On the Water: Looking ahead to fishing in February
This past week brought Southwest Florida cold, wind and plenty of rain – not the best fishing conditions, that’s for sure. With a new month at our doorstep, let’s look ahead at the possibilities.
Inshore, look for sea trout fishing to get better as the month progresses, plus we will see a notable increase in size. Trout were sparse over the past couple months; however, catches were on the rise the past week or two. If the water remains relatively cold, small baitfish will be absent and trout at times sluggish. Shrimp or shrimp imitations or artificials should be the bait of choice and fished slow and low. If we have a couple weeks of warm weather, then you can expect bait to move back into the area, but for much of the month it’s hard to beat anything that resembles a shrimp.
Catching small or “rat” redfish over the winter is a common problem, that’s a great sign for good things to come. We should note an increase in size as the month progresses, by the second half look for fish to begin feeding under the bushes on high water. Shrimp or scented artificials are the top baits. If you have the patience to soak cut bait on bottom, ladyfish or mullet steaks are deadly. Also look for redfish in sand potholes on low water and feeding along sand and oyster bars with the rising tides. There will be some extreme low tides that give great opportunities for stalking tailing or waking reds in the extreme shallows.
If we see a stretch of warm weather, look for snook to make their way to feeding stations around the inshore waters. Areas may include oyster bars, shorelines, sand holes and structure with moving water such as docks, piers and bridges. If the water temperature stabilizes around 70 degrees or higher, they should feed heavily on a wide variety of natural and artificial baits. Both snook and redfish are closed season with no harvest at the present time. Make sure to unhook and release them quickly to ensure their survival.
Sheepshead fishing should peak this month as they finish up their spawning chores. Look for the larger fish around the Gulf passes, on the beaches and schooling around structure both inside the passes and a short distance offshore. Remember, a small, sharp hook or jig head works best when rigged with shrimp with just enough weight to keep it on bottom. Be patient and bring plenty of bait, these stripped bandits are notorious bait stealers until you get the feel for the strike. If you do not have access to a boat, try one of the many public piers or bridges. Not only do sheepshead fight hard, they are also outstanding on the table. It’s been a great winter with lots of fish, get out there and catch a few before they’re gone.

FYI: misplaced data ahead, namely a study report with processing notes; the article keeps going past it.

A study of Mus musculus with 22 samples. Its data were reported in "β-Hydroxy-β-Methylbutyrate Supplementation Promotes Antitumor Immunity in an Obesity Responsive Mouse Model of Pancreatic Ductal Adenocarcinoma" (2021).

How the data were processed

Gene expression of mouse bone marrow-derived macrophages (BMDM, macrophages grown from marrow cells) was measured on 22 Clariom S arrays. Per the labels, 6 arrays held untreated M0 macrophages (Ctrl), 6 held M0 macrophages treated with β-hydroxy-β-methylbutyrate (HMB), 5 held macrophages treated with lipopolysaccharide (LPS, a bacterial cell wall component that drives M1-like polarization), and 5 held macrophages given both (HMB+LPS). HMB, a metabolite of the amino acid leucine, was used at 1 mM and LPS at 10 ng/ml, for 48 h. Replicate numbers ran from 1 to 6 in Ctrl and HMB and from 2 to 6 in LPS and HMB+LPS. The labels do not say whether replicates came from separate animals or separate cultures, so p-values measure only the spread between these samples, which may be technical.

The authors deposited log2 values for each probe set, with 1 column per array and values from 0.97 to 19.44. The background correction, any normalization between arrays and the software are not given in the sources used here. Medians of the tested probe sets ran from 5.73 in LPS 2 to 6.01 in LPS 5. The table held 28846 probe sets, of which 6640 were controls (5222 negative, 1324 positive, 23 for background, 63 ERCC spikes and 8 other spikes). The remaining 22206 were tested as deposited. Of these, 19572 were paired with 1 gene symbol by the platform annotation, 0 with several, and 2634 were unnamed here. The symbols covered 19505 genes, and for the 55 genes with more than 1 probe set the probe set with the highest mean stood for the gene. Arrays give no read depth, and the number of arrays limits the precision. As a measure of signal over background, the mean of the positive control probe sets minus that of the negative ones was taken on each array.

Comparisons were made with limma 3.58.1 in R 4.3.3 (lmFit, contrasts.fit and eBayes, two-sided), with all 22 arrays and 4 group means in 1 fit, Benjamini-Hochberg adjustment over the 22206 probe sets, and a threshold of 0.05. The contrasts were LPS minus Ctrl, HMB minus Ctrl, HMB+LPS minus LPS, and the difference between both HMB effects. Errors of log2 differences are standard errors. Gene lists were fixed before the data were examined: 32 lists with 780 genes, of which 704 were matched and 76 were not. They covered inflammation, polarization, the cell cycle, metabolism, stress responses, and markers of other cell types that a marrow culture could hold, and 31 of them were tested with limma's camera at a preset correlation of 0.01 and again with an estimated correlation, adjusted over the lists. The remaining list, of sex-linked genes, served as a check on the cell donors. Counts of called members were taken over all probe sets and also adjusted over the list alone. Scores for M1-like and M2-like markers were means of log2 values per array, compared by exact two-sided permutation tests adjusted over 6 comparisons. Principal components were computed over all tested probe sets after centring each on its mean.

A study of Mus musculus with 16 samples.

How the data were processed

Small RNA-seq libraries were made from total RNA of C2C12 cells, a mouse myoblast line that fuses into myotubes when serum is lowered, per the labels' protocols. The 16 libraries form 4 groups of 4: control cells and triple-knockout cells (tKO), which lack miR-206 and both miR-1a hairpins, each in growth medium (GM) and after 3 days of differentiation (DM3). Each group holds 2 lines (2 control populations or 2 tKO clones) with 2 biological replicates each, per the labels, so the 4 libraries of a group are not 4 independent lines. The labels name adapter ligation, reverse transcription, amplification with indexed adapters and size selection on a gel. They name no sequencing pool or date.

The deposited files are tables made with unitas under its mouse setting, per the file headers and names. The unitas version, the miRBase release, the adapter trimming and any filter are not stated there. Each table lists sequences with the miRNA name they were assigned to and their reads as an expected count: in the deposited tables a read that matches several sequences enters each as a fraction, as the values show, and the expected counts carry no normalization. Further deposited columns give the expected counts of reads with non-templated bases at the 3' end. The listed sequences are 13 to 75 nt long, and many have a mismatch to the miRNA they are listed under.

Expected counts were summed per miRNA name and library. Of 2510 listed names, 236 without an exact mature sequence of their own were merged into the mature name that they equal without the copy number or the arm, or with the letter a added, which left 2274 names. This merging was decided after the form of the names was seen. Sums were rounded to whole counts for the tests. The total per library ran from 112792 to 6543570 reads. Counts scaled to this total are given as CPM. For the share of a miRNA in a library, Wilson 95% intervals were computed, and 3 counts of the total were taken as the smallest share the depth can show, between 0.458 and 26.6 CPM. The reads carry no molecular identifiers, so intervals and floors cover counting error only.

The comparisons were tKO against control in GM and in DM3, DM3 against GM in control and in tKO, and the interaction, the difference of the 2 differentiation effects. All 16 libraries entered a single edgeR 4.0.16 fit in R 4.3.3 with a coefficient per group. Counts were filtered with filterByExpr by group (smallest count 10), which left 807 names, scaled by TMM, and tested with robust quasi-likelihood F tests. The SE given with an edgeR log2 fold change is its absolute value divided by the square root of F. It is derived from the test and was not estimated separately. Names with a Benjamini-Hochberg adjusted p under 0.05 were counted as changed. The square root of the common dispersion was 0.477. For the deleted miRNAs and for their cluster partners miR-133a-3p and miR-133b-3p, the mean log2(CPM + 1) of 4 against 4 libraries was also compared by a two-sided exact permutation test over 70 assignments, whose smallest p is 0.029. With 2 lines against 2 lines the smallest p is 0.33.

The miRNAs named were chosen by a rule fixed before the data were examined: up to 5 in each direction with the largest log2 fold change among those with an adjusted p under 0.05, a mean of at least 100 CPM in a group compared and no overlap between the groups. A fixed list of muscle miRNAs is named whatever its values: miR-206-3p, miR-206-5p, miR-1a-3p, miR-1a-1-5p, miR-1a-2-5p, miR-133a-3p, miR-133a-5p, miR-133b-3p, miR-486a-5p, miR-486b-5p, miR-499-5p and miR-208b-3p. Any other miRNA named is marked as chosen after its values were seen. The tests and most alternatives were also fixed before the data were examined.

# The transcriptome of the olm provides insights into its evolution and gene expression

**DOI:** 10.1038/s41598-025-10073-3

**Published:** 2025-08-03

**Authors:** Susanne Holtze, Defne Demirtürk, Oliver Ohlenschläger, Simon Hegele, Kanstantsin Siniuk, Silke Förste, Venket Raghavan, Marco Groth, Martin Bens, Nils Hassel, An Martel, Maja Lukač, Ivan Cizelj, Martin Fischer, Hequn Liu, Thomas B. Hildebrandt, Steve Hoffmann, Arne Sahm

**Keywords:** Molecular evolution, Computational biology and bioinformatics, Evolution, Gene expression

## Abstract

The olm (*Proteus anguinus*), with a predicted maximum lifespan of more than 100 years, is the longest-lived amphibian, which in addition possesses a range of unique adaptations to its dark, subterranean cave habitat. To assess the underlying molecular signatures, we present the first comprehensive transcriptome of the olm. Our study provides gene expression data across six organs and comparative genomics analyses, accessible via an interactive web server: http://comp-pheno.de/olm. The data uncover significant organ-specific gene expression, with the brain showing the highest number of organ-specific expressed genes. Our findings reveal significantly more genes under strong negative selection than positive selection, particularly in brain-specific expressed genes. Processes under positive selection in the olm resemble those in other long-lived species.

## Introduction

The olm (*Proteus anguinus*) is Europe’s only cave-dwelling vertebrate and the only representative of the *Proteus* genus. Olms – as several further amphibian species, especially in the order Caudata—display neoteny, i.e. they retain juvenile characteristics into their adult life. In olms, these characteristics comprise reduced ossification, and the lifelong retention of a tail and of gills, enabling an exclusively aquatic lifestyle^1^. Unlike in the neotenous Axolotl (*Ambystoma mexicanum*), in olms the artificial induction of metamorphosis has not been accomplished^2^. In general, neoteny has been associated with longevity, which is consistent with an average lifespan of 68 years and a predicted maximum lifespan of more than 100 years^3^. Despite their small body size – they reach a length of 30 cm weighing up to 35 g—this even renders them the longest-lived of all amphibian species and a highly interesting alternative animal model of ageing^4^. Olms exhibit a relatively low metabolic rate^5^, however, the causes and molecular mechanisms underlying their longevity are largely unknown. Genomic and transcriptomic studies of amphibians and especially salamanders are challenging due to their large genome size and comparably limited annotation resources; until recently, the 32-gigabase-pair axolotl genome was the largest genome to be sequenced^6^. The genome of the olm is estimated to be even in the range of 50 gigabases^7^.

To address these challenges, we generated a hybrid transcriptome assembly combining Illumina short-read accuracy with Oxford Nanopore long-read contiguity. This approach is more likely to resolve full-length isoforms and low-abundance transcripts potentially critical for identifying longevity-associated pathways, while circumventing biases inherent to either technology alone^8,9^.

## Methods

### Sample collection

Anglers fishing the previously mentioned areas for sheepshead are sure to score with a few pompano. They feed off the bottom, often hang around the same areas and love shrimp. You can also expect to catch them in many of the same areas that attract redfish or trout – areas like sand depressions or pot holes, and sand bar transitions are feeding stations for pompano that often travel in schools. While a live shrimp is hard to beat and works great, those that target pompano often throw artificials to cover more ground. With small pompano jigs with white, pink and yellow – the most common colors have been catching pompano forever, you can really enhance these jigs with a small piece of fresh shrimp. With jig style baits, a moderately slow retrieve with a jigging motion to bounce the bait off bottom and simulate a fleeing crustacean is the key to success.
We should see some days with light winds and calm seas in the upcoming weeks. This is a good time to target the many artificial reefs in our Gulf waters. As mentioned, sheepshead should be on many of these areas, plus a variety of other species from large to small and everything in between. Your best bet is to bring tackle from light to heavy, a selection of baits, and be ready for anything.
This month can go a couple ways, we may break out of winter and get an early jump on the warmer days of spring, or, we may be in for several more weeks of cool weather. I’m keeping my fingers crossed we get an early jump on spring. That’s my favorite time of year to fish our waters.
If you have a fishing report or for charter information, please contact us at: Gulf Coast Guide Service, 239-283-7960 or visit www.fishpineisland.com or email firstname.lastname@example.org.
Have a safe week and good fishin’.
As a native of Pine Island, Capt. Bill Russell has spent his entire life fishing and learning the waters surrounding Pine Island and as a professional fishing guide for the past 18 years.